The comeback of the 2001 label brings us a show that was already circulating in the "tape"-circuit (or CDR) as an audience recording; finally we have it as a soundboard. Up to now 2001 was a guaranty for quality. This time they confirmed that once again. Unfortunately not in the quality of the recording itself, but the date of the show alone is interesting enough.

The recording is a soundboard, but it is not the best one around. Previous releases showed that the soundboards from the early 70's can't match those of the later years. But the shows can, as a matter of fact they are much stronger than all those 1976/77 releases, which are often hardly enjoyable for Elvis' performances. We are among those fans that prefer a good show in some lesser quality over a near perfect sound quality with a poor performance. Although this particular January 29, 1971 show sounds a little like a routine, it is much, much better than e.g. the show from Tucson that was recently released on the FTD-label. Elvis is clearly enjoying his job. Where "Danny Boy" alone made the Tucson-CD worth the release, this CD doesn't need such a song, but gladly it has one too. Like the title suggests it contains "Snowbird". It is the only known soundboard recording of this song. Let's do a short examination of the artwork and a fly-by of the (very short) show.

Seeing the clouds on the cover you'd think that Microsoft sponsors this CD, but we couldn't find a confirmation of that. The booklet is nice, filled with some known and some lesser famous pictures; a lot of them are candid. Some notes from the period of this Vegas-engagement, taken from "Day by Day", complete the booklet.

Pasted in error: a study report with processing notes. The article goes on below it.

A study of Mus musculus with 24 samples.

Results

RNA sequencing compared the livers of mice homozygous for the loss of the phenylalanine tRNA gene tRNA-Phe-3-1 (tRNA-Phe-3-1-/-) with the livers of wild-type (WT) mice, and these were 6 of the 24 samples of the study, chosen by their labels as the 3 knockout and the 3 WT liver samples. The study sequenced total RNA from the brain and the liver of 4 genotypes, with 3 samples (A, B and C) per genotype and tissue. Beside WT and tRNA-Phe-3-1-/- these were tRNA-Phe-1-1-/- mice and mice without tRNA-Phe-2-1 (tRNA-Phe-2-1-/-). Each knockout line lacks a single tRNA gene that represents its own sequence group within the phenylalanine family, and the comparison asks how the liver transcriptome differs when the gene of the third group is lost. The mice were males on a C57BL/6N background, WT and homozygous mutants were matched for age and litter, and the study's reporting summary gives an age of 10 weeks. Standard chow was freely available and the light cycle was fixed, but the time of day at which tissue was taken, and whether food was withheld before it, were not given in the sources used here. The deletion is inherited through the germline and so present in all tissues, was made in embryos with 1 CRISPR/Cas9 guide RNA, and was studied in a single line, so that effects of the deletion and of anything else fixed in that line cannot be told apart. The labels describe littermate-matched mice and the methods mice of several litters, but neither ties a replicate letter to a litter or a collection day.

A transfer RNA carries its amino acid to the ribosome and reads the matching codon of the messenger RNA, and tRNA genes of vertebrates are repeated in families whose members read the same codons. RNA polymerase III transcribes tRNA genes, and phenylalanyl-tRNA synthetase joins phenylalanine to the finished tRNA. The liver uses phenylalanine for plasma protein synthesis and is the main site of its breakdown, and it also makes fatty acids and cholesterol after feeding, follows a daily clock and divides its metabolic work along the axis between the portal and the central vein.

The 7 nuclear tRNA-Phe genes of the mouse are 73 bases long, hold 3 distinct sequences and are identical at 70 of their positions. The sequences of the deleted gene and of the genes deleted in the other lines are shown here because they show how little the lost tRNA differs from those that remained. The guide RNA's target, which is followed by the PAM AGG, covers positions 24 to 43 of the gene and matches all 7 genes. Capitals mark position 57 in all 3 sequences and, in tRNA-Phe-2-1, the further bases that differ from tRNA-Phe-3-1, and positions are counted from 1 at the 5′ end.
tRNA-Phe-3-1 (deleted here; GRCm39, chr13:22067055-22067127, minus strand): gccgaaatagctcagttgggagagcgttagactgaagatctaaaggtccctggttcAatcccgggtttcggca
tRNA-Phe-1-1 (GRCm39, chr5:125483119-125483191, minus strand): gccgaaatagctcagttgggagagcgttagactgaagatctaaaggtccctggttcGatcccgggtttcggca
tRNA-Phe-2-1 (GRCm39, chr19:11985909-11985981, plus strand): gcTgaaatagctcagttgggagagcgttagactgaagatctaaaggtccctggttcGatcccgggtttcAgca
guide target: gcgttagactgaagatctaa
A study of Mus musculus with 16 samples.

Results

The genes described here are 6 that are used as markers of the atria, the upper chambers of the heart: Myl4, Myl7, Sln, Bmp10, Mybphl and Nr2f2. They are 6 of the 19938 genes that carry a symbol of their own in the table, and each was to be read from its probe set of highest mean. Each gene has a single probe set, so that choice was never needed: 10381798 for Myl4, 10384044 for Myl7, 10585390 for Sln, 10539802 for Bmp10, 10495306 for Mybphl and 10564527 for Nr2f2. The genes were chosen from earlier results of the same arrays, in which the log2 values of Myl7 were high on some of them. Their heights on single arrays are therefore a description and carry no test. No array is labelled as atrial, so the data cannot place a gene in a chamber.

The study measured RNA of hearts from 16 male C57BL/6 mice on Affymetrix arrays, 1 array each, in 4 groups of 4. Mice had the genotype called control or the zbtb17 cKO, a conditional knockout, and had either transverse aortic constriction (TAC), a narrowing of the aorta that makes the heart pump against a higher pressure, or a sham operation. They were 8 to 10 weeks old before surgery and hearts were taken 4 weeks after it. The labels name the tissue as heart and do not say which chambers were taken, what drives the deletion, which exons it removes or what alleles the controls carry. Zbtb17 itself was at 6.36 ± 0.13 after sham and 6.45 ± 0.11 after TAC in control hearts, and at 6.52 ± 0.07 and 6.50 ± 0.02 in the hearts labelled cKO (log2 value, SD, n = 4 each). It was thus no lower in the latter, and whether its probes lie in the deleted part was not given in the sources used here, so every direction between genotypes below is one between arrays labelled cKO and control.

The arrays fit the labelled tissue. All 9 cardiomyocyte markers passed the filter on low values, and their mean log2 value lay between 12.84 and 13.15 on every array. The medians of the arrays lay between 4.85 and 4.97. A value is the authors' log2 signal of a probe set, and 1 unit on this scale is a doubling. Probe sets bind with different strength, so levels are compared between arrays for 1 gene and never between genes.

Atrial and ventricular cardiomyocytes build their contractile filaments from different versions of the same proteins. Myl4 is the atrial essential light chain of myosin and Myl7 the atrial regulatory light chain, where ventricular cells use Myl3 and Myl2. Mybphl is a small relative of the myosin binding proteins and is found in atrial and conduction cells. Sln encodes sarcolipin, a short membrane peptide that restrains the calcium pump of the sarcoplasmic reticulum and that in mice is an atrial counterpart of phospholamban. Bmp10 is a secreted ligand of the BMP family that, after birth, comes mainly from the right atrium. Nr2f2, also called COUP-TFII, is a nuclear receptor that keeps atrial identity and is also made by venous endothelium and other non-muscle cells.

The show starts with a kind of thin opening of "Also Sprach Zarathustra", which sounds remarkably nice. Probably since it was something relatively new at the time it didn't sound as immense as in later years. Because of that it seems to build up the tension even better. Elvis starts off mike with "That's All Right, Mama", or the mike was off. "I Got a Woman" is as it was meant to be, some good rock'n'roll and not yet the later routine. "Love Me Tender" gets the usual kiss and go treatment, after which Elvis tells the audience that he has the flu. Probably he was a little foreseeing, because later during the engagement he really got one (from the kissing?). After a not very special "You Don't Have To Say You Love Me" Elvis tells about his suit, made for the LA shows of 1970, where he got stuck in the fringes. A lot of fire is thrown into "Sweet Caroline" and "Lovin' Feelin'" starts with a little fooling around but get a powerful treatment. "Polk Salad" gets the fast treatment, without the introducing speech. Gladly in those early years the introductions were short and to the point, like a sparkling version of "Johnny B" where James Burton excels on guitar and Elvis really enjoys it, regarding the shouting he does during that guitar play. We still wonder what kind of instrument dope, which Charlie seems to play, is. "Something" gets a special treatment, because Elvis is artistically playing with the lyrics, in other words, he couldn't keep up with the melody. Still it is a beautiful version of this Beatles' song. Before the "grande finale" we get some oldies like "Heartbreak Hotel", "Blue Suede Shoes", "Teddy Bear" and "Hound Dog". Not yet degraded to the later versions, and a nice lead in to the title track. Obviously the song is rehearsed, but still Elvis needs three starts before the orchestra and band do play like he wants. Of course "Snowbird" isn't a real milestone in Elvis' career, but a life rarity like this is always great to have, and this time it is surrounded by good material. Unfortunately the poor quality of the tape does show very clearly in the final song. Some dropouts disturb not the usual "Can't Help Falling in Love", but a beautiful version of "The Impossible Dream".